Tonight's season finale of RuPaul's Drag Race will crown a champion from among its top three contestants — hilariously cutting Bianca del Rio, compellingly ragged Adore Delano, and beautiful void Courtney Act — but the finale episode is near-guaranteed to be the worst episode of the season. This is seemingly by design.
This season of Drag Race, the show's sixth, will be the third with a "live finale," a momentum-obliterating occurrence that takes what is reliably TV's most fun, unpredictable hour and ends it in the most disappointing way imaginable. It's like every season Drag Race slays the lip-synch, only to snatch its own wig off and ruin everything. The bulk of the season is Ornacia. The finale is Vivacious not being able to unzip her jacket. The bulk of the season is Ben de la Creme's Maggie Smith. The finale is Laganja Estranja's Rachel Zoe. The bulk of the season is Khloe Kardashian when she guest-judged the first time and talked about how her "p*ssy [was] large and in charge." The finale is Khloe Kardashian when she guest-judged the second time and mistook a sailor-inspired outfit for a personality. The bulk of the season is Michelle Visage. The finale is Santino Rice.
It's not the live-ness of the finale that's so disastrous. It's a complex cocktail of 1) a week in between the final episode of the season and the finale, usually occupied by a clip show; 2) a fan-vote that the show says will be taken into account by RuPaul, whether you actually believe that or not; and 3) a "live" "finale" that is both pre-taped and not so much a finale as a reunion.
TV shows generally do not take a week off between their penultimate and final episodes, mostly because by that point you've built up a good deal of anticipation, and it's good practice to pay off anticipation in a timely manner. Drag Race could probably get away with the bye week before the finale if not for the deadly combo of the fan vote and "live" finale. Because even though the finale is not strictly speaking live, it is taped after the season has aired. Thus, RuPaul and the show's producers know exactly who the fanbase wants to win, and the fanbase knows they know. Overwhelming fan-favorite Sharon Needles took the crown in season 4, and overwhelming fan-favorite Jinkx Monsoon took the crown in season 5. If you think RuPaul (or her interns) are sitting there counting fan votes on Facebook, you're crazier than Laganja Estranja in the gold bar, but Ru also knows which way the wind is blowing, and she's not about to send her fans home unhappy. Is there a chance Adore Delano, another incredibly well-liked queen, will end up victorious? Perhaps. But odds are that the wildly popular Bianca del Rio will be the third massive fan-fave to take an utterly predictable (if completely well-deserved) win.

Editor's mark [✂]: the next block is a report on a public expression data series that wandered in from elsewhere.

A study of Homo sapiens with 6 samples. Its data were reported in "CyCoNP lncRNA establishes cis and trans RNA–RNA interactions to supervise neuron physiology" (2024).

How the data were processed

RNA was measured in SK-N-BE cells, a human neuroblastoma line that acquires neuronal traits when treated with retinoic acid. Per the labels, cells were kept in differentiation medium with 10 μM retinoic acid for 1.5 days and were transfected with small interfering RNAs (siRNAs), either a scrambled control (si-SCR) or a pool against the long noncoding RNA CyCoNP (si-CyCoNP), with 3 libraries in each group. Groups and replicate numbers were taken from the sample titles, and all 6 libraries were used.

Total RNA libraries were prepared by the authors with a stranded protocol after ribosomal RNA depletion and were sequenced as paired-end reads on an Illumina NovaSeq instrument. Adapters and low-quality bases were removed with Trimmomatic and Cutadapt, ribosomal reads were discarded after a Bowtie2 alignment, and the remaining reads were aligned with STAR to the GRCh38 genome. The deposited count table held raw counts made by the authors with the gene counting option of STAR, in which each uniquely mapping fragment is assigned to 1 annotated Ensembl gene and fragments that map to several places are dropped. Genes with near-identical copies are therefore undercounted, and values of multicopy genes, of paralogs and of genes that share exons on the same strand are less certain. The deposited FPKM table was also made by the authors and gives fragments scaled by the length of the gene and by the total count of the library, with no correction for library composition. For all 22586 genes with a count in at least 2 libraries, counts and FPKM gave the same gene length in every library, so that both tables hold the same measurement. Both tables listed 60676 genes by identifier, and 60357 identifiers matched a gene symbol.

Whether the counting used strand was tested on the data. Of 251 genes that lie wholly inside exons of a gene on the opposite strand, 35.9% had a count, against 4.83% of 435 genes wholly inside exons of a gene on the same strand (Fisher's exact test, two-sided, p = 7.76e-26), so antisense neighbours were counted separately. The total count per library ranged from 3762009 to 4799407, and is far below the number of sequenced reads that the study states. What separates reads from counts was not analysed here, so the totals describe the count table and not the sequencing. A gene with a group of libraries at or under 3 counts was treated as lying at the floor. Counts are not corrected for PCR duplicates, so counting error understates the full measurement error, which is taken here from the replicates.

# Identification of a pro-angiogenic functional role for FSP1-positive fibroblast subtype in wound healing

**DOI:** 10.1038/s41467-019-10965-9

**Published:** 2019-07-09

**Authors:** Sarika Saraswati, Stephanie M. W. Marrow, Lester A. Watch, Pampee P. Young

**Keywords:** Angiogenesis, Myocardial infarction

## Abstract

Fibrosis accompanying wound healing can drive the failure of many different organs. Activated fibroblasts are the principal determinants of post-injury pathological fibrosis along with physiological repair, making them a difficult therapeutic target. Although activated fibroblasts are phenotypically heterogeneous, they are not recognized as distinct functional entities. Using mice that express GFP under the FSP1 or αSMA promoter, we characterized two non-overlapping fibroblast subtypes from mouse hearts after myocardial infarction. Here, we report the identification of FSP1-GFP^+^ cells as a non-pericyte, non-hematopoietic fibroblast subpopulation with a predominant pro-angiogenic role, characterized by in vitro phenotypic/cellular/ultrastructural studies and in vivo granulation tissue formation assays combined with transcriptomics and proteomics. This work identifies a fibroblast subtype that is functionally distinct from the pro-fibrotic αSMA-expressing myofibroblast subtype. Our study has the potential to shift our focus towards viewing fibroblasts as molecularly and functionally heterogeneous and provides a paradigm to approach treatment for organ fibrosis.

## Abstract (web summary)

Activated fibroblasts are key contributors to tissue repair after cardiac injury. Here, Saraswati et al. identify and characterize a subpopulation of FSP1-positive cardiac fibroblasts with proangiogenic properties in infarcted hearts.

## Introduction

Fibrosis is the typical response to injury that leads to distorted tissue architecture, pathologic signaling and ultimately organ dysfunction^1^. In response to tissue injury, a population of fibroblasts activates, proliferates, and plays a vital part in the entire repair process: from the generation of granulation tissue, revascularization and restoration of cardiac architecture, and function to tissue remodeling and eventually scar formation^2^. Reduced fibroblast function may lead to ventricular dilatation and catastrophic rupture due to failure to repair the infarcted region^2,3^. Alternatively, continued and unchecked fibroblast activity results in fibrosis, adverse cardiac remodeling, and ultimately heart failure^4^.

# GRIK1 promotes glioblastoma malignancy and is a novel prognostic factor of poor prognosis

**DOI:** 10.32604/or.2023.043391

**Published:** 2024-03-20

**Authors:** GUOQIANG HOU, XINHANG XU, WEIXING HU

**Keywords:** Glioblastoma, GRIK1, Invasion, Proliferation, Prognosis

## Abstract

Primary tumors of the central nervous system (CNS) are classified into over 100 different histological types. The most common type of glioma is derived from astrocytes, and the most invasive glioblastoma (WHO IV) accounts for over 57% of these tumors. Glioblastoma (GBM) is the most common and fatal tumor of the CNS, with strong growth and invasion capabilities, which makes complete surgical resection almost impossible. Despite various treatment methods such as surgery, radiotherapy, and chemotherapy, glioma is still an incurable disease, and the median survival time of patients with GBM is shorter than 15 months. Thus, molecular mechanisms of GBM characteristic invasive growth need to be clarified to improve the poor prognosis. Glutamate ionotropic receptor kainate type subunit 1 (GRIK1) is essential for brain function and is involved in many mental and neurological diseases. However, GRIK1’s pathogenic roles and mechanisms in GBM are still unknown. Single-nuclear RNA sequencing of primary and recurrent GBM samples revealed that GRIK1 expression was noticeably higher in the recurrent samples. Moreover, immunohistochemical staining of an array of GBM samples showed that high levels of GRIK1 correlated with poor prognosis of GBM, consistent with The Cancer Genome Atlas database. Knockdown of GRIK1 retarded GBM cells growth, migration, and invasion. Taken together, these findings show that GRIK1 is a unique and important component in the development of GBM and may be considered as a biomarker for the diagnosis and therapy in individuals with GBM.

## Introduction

In the days before live finales, we had suspense, even if that suspense meant the possibility that a less-popular queen might win. Sure, it's easy to see Bianca as the best now, after three months' worth of a TV show has made the case for her. But there's no telling how the judges' might have viewed things from the bubble of a TV shoot. They might well have gotten caught up in Courtney Act's fishy business during filming, and had the winner been declared then, fans might have legitimate cause to worry that her peppy Aussie perfection might have won the day. Or at least we viewers at home would be left with the reasonable doubt that they might have been. A Courtney win wouldn't be right, but it would be surprising, and it would certainly help the finale to feel less like a foregone conclusion. And who's to say a "bad" winner ruins a season anyway? Tyra Sanchez is probably the least popular winner in Drag Race history, but is anybody complaining that season two wasn't flawless?
The live finale came into being because season three's winner, Raja, was widely spoiled before the finale aired, and the show was worried the same would happen in season four. To help combat spoilers, three separate endings were recorded for the s4 finale, so that not even Sharon Needles knew she won until the show aired. Of course, the result of that particular gambit is that Needles' reaction to winning wasn't even a real reaction to winning. It was the put-on of what a reaction to winning would look like, just in case. (The same three-endings tape was carried out for season five.)
Maybe this kind of unrepentant fakery is the only way to end a season of RuPaul's Drag Race. In some ways, it's one more layer of drag, pretending to be a real TV show but fooling you all the while. But drag is supposed to be a fun, crowd-pleasing spectacle. That's what Drag Race is for every other episode their air all season. Why go out of your way to rob the finale of all spontaneity and suspense, just to avoid some spoilers? Feels like the one area in which the show consistently fucks it up.
This article is from the archive of our partner The Wire.